Ugandan Forestry PRESENTED BY Mukiibi Robert. Introduction Uganda has a total land area of 241,000 km2,out of which 12% or 30,980 km2 is gazetted.
Out of the total protected area, 12,757 km2 are forest reserves under the Forest Department and local governments ,while Game Reserves and National Parks cover 321,000 ha. The combined effect of high economic growth and population growth has a significant effect on the forestry sector. Rural areas support 90% of Ugandas population. The rural and urban population use woodfuel for domestic energy
needs. In urban areas, charcoal is the main source of energy. Fuel wood consumption is estimated at 16.7 million tons annually, while annual charcoal production is estimated at 418,000 tons Forest classification in Uganda The forests in Uganda are divided into two main categories.
(i) Natural forests including: Savanna Woodlands Tropical rain forests (ii) Planted forests 1. Savanna, which is composed of scattered trees within grasslands, is characterized by the
strong influence of herbivores and fires. Savanna is the most abundant kind of vegetation in Uganda. Fig. below shows a forest/savanna mosaic at medium altitudes. Black crowns are evergreen; shaded ones drop their leaves at irregular intervals; unshaded ones are deciduous. 2.Woodland is defined as open forest with "small or medium sized trees with the crowns more or less touching, the canopy remaining light; the grass stratum sometimes sparse, often mixed with other herbaceous or suffrutescent vegetation" (LANGDALE-BROWN et al., 1964). Woodland may be a climax vegetation or a stage of succession towards forest depending on its
environment 3.The tropical high forest in Uganda consists mainly of lowland evergreen or semi-deciduous rain forests with a canopy up to 50m and with several storeys of trees. As subtype of this vegetation type, the Cynometra zone at 700-1,200m in the lowest parts of Uganda covers most of Uganda's potential forest zone Tree species include: Albizia, Antiaris, Blighia, Canarium schweinfurthii, Celtis
africana, C. durandii, Entandrophragma, Fagara, Lovoa, Majidea and Pycnanthus, richiliaprieuriana, Khaya anthotheca, Khaya anthotheca, Celtis mildbraedii, and Cynometra alexandri, Allophyllus macrobotrys and Cassipourea ruwenzorensis
Mabira Forest Planted Forests The first plantation was started in 1908 using indigenous species, Markhamia platycalyx, Melicea excelsa and Entandrophragma spp. Plantations of exotic coniferous species were started in 1940 to meet the future demand for timber.
Wood production plantations were established at an accelerated rate after 1948 with emphasis on tropical Pinus spp. and Cupressus spp. Planting reached a peak in the early 1970s and then came to a standstill in 1978. Meanwhile, the private sector established non-industrial plantations for products such as fuelwood and poles. As a result, plantations are now very important for the supply of both industrial and non-industrial wood. Moreover, they are a very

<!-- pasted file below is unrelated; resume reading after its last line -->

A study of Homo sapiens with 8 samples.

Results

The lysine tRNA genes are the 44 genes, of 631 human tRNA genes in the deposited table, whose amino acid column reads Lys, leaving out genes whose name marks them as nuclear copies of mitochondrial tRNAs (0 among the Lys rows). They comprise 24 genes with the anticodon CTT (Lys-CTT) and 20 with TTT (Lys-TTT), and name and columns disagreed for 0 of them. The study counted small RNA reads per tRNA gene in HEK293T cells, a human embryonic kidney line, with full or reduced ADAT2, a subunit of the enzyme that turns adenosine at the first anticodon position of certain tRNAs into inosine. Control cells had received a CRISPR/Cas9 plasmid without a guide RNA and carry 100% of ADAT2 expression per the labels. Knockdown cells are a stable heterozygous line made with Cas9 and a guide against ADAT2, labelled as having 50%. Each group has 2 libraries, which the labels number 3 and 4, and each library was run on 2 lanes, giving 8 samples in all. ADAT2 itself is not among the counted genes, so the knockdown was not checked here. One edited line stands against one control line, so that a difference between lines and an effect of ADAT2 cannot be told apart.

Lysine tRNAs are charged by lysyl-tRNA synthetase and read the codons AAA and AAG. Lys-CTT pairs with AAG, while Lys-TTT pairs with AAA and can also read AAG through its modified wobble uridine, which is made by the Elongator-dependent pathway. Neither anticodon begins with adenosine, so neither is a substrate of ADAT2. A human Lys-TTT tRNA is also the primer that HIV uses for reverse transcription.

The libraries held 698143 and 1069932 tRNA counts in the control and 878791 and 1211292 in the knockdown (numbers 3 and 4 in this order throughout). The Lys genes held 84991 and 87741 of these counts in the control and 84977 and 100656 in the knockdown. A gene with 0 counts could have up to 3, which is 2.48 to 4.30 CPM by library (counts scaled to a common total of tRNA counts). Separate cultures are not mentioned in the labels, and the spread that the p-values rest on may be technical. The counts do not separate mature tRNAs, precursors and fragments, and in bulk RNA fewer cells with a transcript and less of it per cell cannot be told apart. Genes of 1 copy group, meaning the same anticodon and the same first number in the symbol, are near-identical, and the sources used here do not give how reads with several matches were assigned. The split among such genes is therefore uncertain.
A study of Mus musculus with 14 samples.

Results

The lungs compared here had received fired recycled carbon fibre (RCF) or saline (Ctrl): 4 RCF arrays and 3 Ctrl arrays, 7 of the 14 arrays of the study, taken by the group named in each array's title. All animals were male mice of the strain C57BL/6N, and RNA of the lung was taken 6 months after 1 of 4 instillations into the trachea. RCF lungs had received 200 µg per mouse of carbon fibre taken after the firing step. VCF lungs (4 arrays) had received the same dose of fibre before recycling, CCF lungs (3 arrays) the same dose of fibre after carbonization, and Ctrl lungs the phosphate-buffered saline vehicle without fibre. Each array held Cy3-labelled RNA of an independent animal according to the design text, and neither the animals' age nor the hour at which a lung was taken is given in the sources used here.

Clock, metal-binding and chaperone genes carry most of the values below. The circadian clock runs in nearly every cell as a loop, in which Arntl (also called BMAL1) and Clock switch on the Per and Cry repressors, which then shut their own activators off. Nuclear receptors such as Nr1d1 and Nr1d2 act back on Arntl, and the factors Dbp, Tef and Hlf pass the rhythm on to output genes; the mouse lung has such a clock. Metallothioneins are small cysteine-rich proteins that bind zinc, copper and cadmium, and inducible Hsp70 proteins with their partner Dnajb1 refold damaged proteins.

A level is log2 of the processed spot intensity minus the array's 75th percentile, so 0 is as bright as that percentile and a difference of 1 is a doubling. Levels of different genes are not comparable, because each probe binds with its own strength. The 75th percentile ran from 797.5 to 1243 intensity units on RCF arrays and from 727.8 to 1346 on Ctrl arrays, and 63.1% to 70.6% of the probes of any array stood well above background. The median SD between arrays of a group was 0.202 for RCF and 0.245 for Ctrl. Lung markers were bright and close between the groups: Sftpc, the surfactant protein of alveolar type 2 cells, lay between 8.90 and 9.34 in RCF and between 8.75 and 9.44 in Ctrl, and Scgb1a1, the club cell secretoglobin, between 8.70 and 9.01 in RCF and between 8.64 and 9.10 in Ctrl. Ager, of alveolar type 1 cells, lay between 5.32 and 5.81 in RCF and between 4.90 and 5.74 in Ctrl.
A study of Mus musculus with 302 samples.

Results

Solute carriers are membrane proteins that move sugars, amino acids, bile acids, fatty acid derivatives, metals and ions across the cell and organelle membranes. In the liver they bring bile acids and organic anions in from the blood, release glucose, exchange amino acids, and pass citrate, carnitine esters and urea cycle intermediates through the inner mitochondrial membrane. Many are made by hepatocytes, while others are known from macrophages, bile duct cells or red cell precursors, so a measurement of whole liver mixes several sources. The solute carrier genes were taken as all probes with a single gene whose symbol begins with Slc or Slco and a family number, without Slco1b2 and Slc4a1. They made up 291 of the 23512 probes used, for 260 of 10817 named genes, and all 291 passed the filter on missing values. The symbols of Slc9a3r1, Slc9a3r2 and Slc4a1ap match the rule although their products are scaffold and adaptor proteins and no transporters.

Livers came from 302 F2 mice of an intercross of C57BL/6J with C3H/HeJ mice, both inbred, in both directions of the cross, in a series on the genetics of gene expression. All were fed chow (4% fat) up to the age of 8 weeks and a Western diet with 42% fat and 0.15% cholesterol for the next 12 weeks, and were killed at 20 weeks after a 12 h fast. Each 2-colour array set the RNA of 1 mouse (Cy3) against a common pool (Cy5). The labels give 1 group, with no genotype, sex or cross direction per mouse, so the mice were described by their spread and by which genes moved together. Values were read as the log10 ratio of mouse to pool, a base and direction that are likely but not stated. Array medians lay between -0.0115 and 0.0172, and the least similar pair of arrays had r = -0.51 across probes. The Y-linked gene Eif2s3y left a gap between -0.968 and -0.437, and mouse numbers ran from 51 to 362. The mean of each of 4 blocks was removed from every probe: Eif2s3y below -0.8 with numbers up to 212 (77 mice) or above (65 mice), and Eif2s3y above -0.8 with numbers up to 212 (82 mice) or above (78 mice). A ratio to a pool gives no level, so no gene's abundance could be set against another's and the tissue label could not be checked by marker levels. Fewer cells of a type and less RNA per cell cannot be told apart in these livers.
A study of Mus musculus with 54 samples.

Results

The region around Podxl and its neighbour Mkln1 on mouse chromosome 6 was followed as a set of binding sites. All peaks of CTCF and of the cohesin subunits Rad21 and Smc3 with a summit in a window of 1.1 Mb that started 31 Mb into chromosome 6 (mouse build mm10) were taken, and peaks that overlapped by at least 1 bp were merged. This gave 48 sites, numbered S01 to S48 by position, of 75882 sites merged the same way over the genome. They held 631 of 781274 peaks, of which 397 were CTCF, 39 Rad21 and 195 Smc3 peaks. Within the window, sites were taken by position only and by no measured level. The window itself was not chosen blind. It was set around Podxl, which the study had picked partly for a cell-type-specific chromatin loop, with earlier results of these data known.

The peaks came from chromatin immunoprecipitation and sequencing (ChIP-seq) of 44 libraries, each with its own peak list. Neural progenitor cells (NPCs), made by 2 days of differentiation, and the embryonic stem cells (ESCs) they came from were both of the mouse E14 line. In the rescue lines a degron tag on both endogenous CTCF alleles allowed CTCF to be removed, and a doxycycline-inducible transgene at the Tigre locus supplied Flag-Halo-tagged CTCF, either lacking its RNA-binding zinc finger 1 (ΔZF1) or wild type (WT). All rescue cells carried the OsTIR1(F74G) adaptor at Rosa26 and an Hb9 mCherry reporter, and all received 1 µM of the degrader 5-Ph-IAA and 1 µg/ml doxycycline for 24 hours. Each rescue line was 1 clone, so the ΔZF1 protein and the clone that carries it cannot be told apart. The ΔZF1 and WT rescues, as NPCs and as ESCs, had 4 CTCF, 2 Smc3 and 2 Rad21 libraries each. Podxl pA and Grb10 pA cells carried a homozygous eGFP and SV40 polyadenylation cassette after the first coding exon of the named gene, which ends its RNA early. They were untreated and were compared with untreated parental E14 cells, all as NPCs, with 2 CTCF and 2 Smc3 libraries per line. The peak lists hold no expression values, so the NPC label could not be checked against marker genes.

important element in reducing the pressure on fragile natural forests Species composition Of planted forests Coniferous species and Eucalyptus spp. each comprise about 50 percent of the plantation area. (i)Coniferous species
Cupressus spp. and Pinus spp. are planted for timber and also reduce pressure on the natural forests. One third of the coniferous plantations are Cupressus spp. and the rest are Pinus spp. (ii)Eucalyptus species Eucalyptus spp. are planted for the production of transmission poles, building construction timbers and fuelwood. Fuelwood is the most important product, both for domestic
energy as well as for some agricultural uses such as tobacco curing or tea production Species Notes Eucalyptus grandis
First introduced around 1912. Commonly planted for fuel wood and poles and important source of income for small farmers since it is easy to raise from seed, coppices vigorously when cut with rotations of 8-15 years. Cool moist, cool wet areas (18-220) and Rainfall:1 250-1 500 mm.
Pinus caribaea It copes well with shallower soils on lower elevation sites and performs well on fairly dry sites. P.c. var. hondurensis is easy to raise from improved seed for commercial planting with rotations of 18-25 years Warm wet, hot wet conditions (22-240).
Rainfall: >1 250 mm. Suitable in Uganda Central and Mid Eastern, Western and Midwest, West Nile
Species Notes Maesopsis eminii Suitable in
Uganda Lake shore basins Fast growing indigenous species for timber production and general purpose hardwood timber although not easy to grow in plantations. Prefers moderately fertile, deep and well drained soils for it is a natural pioneer species in the Tropical
High Forest - around Lake Victoria's shore, Albertine Rift. Cool, moist, wet and or slightly warm (18-240) with rainfall: <1 200 mm Clonal Eucalyptus Hybrid clones of E. grandis x E. camuldulensis (GC) and E. grandis x E. urophylla (GU) were imported
from South Africa in 2002/2003, trial plots of provenances were established in different parts of the country. The clones have shown tremendous potential to expand the plantable area for eucalypts in Uganda. For drier and hotter sites. Central, Western,
Northern, Southern, West Nile Pinus trees in Uganda Pinus
Eucalyptus Products from Forests Timber used for building, furniture More products
Poles for building Wood for fuel Artfacts
Local herbal medicines References http://www.fao.org/forestry/partnerships/227 53/en/ http://www.fao.org/forestry/country/18316/e n/uga/ http://www.cfa-international.org/yfa_diaries.